When CEOs lock and load during testimony at legislative and regulatory hearings, it’s Sally Pipes who sometimes provides the ammunition.As …

When CEOs lock and load during testimony at legislative and regulatory hearings, it’s Sally Pipes who sometimes provides the ammunition.

As president of the San Francisco-based Pacific Research Institute, Pipes, 48, leads the charge for market-minded solutions and less regulation in areas such as taxes, education, health care, transportation, and the environment. But no sterile think tank, PRI: Upon taking the reins in 1991, Pipes gutted the group’s ivory tower and transformed it into a missile silo, taking aim at left-of-center targets. Right now, for example, California legislators are drafting bills based on PRI recommendations to slash the state’s estimated $10 billion deficit by privatizing the Office of State Printer and the Department of Motor Vehicles, and by outsourcing a range of services.

The institute’s mission becomes particularly critical, Pipes says, with President Clinton’s chameleonic “new democratic” agenda materializing as simply another tax-and-spend package. “We have to remobilize,” she says. “People want to be shown alternative solutions.”

PRI proposes solutions through books, conferences, speeches, and newsletters and makes them available to corporate and political leaders and the media. Supported entirely by the private sector since its creation in 1979, the organization had a 1992 budget of $1.2 million, up 71.4 percent from the previous year. Of that total, 10 percent came from corporations, 30 percent from individual donations and literature sales, and 60 percent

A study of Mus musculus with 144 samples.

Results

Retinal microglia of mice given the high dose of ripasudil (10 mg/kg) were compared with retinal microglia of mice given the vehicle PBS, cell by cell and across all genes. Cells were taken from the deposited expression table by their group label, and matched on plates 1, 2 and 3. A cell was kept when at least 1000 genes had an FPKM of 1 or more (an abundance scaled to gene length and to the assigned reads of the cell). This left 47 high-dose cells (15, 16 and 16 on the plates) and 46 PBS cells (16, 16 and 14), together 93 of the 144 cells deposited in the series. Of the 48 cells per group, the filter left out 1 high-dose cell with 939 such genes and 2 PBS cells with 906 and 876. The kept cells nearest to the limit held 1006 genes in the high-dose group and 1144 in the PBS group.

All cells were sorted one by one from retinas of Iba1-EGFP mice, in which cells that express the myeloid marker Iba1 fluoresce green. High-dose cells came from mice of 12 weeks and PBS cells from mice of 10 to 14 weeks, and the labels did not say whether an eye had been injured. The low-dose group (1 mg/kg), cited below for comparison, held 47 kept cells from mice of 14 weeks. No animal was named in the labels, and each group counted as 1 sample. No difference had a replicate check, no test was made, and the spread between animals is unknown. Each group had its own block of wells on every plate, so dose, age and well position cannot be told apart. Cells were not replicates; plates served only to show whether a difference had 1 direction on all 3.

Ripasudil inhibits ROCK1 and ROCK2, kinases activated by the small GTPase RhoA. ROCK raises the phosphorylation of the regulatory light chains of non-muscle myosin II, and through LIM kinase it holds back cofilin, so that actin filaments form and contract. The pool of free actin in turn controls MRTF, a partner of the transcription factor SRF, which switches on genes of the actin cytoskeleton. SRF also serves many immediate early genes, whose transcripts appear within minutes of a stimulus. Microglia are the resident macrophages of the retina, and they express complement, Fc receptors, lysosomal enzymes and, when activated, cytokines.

from foundations. Not nearly enough to fund all the schemes Pipes basin mind. “We have to get down to the grass roots and win more support for our research,” says Pipes, her soft-voiced patter at odds with her machine gun delivery and emphatic gestures. “It’s hard, because outreach is like throwing a stone on the water; you have to follow up or the ripples will go away quickly.”

To that end, PRI zeros in on issues that hit companies and individuals where it hurts most-in the pocketbook. For instance, a 1992 book, “Free Market Environmentalism,” espoused a market-oriented approach to pollution problems. The institute’s research on NAFTA prompted a barrage of inquiries from companies such as Dow Chemical, Chevron, and Arco. Sometimes the ideas come from outside PRI. Its recommendations on trimming California‘s budget came from residents participating in a PRI-sponsored contest.

An economist by training, Pipes previously worked as a researcher for the Canadian Department of Energy, Mines, and Resources, and the Bureau of Economics and Small Business Development. High on her agenda at PRI are projects in immigration, health care, and education. Pipes describes California as a “springboard” for public policy, so the institute’s research frequently takes on a local spin. Thus, a recent study on a voucher system for education, which Pipes hopes to see adopted in California and nationwide.

“Sally is moving the institution in the right direction,” says Larry Mone, research director at the Manhattan Institute. “The interesting policy ideas are being debated on state and local levels-they won’t filter from Washington. Rather, Washington will be on the receiving end.”